YEREVAN (Interfax/RFE-RL)–John Evans–the new US ambassador to Armenia–said stability and security–economic growth–and development of democratic institutions are the main focus of US activity in South Caucasus–and Armenia has attained certain success in these areas.
Evans told a press conference in the Armenian capital on Wednesday–that certain stability and security concerns exist because the Mountainous Karabagh conflict remains unresolved. Evans stressed the conflicting parties must formulate a final solution–along with the mediating efforts of the US–Russia–and France as the co-chairmen of the OSCE Minsk Group.
He said the focus of US attention is to work on opening the Armenian-Turkish border–so as to benefit both Yerevan and Ankara.
The envoy also reaffirmed US approval of the last-minute cancellation of NATO-led military exercises which were scheduled to begin in Azerbaijan on Monday. The NATO leadership pointed to Baku’s refusal to Armenia’s participation in the maneuvers.
"We do believe that the NATO authorities made the right decision to cancel this exercise," Evans said. But he was quick to indicate that the move should not be seen as a diplomatic victory for Armenia–saying that it hurt both parties to the Mountainous Karabagh conflict.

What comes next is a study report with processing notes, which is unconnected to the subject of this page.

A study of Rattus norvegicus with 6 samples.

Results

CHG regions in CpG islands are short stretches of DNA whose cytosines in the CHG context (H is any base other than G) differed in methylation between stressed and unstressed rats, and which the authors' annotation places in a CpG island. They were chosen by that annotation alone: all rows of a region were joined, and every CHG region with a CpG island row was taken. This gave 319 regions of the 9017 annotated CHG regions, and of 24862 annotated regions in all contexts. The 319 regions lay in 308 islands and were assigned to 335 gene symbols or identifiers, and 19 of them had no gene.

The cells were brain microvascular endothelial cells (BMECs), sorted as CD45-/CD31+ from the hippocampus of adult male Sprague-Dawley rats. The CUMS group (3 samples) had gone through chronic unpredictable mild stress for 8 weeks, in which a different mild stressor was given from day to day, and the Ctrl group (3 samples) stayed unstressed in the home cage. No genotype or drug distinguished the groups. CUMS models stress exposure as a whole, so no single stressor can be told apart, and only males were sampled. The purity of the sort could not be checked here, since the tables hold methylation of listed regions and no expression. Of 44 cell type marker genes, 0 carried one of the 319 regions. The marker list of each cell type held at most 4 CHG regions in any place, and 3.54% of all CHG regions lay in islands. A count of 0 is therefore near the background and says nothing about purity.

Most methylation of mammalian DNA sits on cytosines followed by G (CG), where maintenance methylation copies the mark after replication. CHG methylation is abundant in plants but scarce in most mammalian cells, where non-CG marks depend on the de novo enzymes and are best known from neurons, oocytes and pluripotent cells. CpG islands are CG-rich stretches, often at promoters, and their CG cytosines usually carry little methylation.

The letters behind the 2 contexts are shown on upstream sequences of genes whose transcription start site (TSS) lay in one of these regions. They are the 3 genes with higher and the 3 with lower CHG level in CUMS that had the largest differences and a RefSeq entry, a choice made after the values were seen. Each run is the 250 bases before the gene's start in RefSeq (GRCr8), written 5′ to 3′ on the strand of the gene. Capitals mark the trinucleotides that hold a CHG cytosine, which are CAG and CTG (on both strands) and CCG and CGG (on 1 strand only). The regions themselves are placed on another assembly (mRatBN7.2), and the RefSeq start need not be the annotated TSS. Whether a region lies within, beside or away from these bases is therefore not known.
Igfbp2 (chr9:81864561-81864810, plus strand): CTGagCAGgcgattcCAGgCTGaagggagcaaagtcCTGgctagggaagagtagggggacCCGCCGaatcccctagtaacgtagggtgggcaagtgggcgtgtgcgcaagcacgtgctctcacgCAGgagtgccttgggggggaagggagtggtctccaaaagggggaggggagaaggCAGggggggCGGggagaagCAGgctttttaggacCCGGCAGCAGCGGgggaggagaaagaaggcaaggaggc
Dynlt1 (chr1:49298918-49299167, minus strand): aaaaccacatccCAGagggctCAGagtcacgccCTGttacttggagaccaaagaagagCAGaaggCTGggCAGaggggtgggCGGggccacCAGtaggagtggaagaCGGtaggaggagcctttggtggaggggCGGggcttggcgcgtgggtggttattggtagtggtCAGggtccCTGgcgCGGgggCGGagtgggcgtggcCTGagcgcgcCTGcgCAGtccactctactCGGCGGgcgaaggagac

He commended plans for Armenia to join the US "coalition of the willing" in Iraq with a small unit of non-combat troops.
"We salute Armenia for its announced intention to send a transportation unit along with de-miners and some medical personnel to Iraq."
The planned deployment–which requires parliament approval–is stirring up debate in Armenia.
Evans said Washington welcomes a public debate on the issue in Armenia.
Evans–who arrived in Armenia a month ago–is a 56-year-old career diplomat. He previously headed the Office of Russian Affairs in the Bureau of European and Eurasian Affairs of the US State Department.